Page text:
California ANG member is top graduate at Airman Leadership School
By Master Sgt. Mavi Smith, The I.G. Brown Air National Guard Training and Education Center
/ Published September 11, 2009
McGHEE TYSON AIR NATIONAL GUARD BASE, Tenn --
A member of the 129th Rescue Wing, California Air National Guard, was presented the John L. Levitow award for his accomplishments at Airman Leadership School during the class graduation ceremony at The I.G. Brown Air National Guard Training and Education Center here, Sept. 10.
Senior Airman James K. Parmentier, a guidance and control systems avionics technician with the 129th Aircraft Maintenance Squadron, was the top graduate of the 47 airmen who attended Airman Leadership School Class 09-5.
The John L. Levitow Award is the highest honor awarded a graduate of any Air Force enlisted professional military education course. It is named for Medal of Honor recipient Sgt. John L. Levitow for his actions during the Vietnam War. It is presented to the one student who not only demonstrates academic excellence, but also the outstanding attributes of leadership, enthusiasm, military bearing, and dedication to the spirit and mission of the total Air Force. It is based on objective testing, performance evaluations, demonstrated leadership, and student and instructor points.
"I'm honored and humbled that I was selected for this award," said Parmentier, who was the B-Flight leader of the class. "I did not expect it and it's nice to know that I did that good of a job and got noticed for it. It really is a great honor."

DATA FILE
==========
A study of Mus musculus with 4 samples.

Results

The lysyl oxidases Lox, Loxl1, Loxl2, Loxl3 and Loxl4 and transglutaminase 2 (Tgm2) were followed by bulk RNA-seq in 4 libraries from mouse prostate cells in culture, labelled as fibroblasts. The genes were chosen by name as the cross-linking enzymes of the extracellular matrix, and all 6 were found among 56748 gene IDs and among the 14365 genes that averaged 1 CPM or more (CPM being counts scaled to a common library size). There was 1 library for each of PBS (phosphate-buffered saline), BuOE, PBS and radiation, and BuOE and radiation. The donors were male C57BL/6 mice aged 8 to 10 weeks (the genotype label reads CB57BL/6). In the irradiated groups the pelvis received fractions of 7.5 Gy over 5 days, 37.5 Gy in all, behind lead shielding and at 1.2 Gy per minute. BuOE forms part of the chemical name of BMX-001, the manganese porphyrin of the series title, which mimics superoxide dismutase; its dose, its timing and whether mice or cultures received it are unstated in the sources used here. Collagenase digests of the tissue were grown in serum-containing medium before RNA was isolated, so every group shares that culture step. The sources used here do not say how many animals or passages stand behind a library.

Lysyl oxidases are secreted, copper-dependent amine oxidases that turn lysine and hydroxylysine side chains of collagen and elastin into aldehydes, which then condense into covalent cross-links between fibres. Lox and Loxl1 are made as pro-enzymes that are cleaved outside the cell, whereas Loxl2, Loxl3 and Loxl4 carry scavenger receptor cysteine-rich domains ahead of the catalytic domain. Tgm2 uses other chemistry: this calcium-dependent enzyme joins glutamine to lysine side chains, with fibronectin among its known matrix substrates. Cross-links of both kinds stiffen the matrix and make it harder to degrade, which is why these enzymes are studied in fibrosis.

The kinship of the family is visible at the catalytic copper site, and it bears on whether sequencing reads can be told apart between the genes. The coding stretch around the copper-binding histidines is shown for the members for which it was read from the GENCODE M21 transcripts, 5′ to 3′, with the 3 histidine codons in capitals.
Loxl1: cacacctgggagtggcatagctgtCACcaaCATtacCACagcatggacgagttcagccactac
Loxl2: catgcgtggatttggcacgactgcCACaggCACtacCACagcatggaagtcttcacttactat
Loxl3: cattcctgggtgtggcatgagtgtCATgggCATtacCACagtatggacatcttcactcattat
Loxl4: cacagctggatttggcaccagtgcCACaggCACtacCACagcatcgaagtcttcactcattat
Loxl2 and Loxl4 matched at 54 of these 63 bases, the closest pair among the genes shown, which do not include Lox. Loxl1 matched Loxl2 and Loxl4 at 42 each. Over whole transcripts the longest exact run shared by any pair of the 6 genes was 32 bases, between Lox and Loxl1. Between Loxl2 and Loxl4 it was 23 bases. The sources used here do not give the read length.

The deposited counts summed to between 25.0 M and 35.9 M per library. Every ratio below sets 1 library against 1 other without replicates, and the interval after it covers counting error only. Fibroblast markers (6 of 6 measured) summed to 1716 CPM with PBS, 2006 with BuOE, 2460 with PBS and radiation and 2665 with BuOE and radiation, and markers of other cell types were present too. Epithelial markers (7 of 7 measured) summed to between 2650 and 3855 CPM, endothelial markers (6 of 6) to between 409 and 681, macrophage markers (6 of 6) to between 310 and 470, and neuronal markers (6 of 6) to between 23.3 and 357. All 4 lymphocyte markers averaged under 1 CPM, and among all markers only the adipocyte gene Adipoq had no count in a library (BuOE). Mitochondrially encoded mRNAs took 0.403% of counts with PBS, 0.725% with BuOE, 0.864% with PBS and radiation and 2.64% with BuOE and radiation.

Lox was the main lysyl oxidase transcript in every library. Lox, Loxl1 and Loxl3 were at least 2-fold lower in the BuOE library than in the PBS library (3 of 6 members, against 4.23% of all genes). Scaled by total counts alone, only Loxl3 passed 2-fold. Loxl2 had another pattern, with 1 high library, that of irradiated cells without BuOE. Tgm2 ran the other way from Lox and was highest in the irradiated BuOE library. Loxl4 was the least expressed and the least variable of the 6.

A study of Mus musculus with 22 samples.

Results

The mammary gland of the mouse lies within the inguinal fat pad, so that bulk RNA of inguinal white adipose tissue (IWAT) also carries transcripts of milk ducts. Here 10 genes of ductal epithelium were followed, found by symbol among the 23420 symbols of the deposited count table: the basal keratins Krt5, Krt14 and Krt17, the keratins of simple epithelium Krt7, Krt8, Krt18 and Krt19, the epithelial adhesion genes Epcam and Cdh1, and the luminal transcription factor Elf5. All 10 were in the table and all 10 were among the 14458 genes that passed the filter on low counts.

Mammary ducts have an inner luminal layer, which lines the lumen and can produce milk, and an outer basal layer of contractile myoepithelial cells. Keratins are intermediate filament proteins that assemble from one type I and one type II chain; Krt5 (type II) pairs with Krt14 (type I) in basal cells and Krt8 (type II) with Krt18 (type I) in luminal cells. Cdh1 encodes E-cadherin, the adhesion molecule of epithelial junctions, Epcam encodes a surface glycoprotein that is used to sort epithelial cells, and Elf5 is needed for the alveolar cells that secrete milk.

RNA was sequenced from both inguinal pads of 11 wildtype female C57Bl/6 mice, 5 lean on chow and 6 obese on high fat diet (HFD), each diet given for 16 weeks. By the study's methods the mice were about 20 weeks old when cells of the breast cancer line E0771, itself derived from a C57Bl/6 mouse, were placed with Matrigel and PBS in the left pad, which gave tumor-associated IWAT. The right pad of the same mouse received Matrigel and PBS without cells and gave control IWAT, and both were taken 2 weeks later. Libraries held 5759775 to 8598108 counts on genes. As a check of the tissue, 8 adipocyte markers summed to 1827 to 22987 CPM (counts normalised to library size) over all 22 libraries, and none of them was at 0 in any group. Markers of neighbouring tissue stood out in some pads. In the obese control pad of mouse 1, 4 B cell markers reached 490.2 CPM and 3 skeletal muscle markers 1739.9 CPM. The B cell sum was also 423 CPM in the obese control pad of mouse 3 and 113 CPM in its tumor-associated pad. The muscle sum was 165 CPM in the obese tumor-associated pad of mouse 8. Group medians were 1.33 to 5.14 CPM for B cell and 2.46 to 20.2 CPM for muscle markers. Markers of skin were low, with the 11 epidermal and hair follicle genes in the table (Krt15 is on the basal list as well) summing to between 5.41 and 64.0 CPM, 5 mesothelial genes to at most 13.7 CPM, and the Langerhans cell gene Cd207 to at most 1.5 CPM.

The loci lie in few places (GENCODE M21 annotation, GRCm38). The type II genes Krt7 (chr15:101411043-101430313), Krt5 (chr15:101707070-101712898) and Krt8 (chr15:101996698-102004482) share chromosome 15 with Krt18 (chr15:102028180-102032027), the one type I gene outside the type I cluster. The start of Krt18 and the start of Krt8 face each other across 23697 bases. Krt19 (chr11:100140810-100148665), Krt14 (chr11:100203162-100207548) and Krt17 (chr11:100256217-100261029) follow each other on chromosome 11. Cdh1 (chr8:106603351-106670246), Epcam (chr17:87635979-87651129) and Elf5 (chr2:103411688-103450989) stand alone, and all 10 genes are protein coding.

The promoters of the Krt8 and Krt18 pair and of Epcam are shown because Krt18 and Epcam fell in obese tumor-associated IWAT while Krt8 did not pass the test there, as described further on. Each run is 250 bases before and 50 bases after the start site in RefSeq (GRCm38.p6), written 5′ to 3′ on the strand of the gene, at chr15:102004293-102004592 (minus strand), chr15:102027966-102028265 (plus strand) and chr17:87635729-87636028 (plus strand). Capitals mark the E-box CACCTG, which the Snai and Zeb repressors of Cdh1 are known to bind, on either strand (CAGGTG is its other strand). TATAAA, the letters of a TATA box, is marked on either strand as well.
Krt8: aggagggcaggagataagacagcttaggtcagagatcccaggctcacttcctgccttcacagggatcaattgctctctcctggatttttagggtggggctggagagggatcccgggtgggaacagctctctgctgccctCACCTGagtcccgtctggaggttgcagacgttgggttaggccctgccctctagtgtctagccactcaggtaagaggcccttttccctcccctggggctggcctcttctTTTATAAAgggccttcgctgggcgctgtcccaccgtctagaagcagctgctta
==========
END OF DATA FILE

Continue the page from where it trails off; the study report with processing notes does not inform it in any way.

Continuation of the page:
"Senior Airman Parmentier is very deserving of this award," said Tech. Sgt. Jeela S. Matthews, the Airman Leadership School instructor for B-flight. "The entire flight voted for him. It speaks volumes that the whole flight believed in and accepted him throughout the entire class."
Matthews added that she gave him the max instructor points possible and she had never done that for a student before.
"He was one of my best airmen," she said, "As a flight leader, he did everything you would expect a flight leader to do and more. He was very open, understanding, thorough and professional. He went out of his way to talk to and help others. He did everything right."
Parmentier said he enjoyed his experience at Airman Leadership School and learned a lot about himself and others.
"I got to meet a lot of really good people," said Parmentier, who works at Lockheed Martin as a satellite component testing technician and is pursuing an engineering degree. "We had people from everywhere in my class...Alaska, California, Arkansas, Iowa. It was fun to get together with people and get to know them, help them out where I could, and for them to help me. They helped me through it as much as I helped them."
The 47 airmen of Class 09-5 included 34 members of the Air National Guard and 13 Air Force Reservists. They came from 24 different states and the U.S. territory of Guam.
Airman Leadership School is a 5-week in-residence course that prepares senior airmen for positions of greater responsibility by providing many of the leadership skills required of supervisors and reporting officials. The course enhances their development by strengthening their ability to lead, follow, and manage while they gain a broader understanding of the military profession.
The John L. Levitow award is named in honor of Sgt. John L. Levitow, one of only two Air Force enlisted men to receive the Medal of Honor during the Vietnam War.
Levitow received the Medal of Honor for his heroic actions on Feb. 24, 1969. Serving as a loadmaster on an AC-47 gunship over Long Binh, South Vietnam, his aircraft was severely damaged by mortar fire. Suffering from over 40 shrapnel wounds to his back and legs, he saw a smoking magnesium flare amid a pile of spilled ammunition canisters. Despite loss of blood and partial loss of feeling in his right leg, he threw himself on the flare, hugged it close, dragged himself to an open cargo door and hurled the flare out. Almost immediately, the flare ignited harmlessly. Levitow's actions saved the aircraft and the lives of seven crewmembers.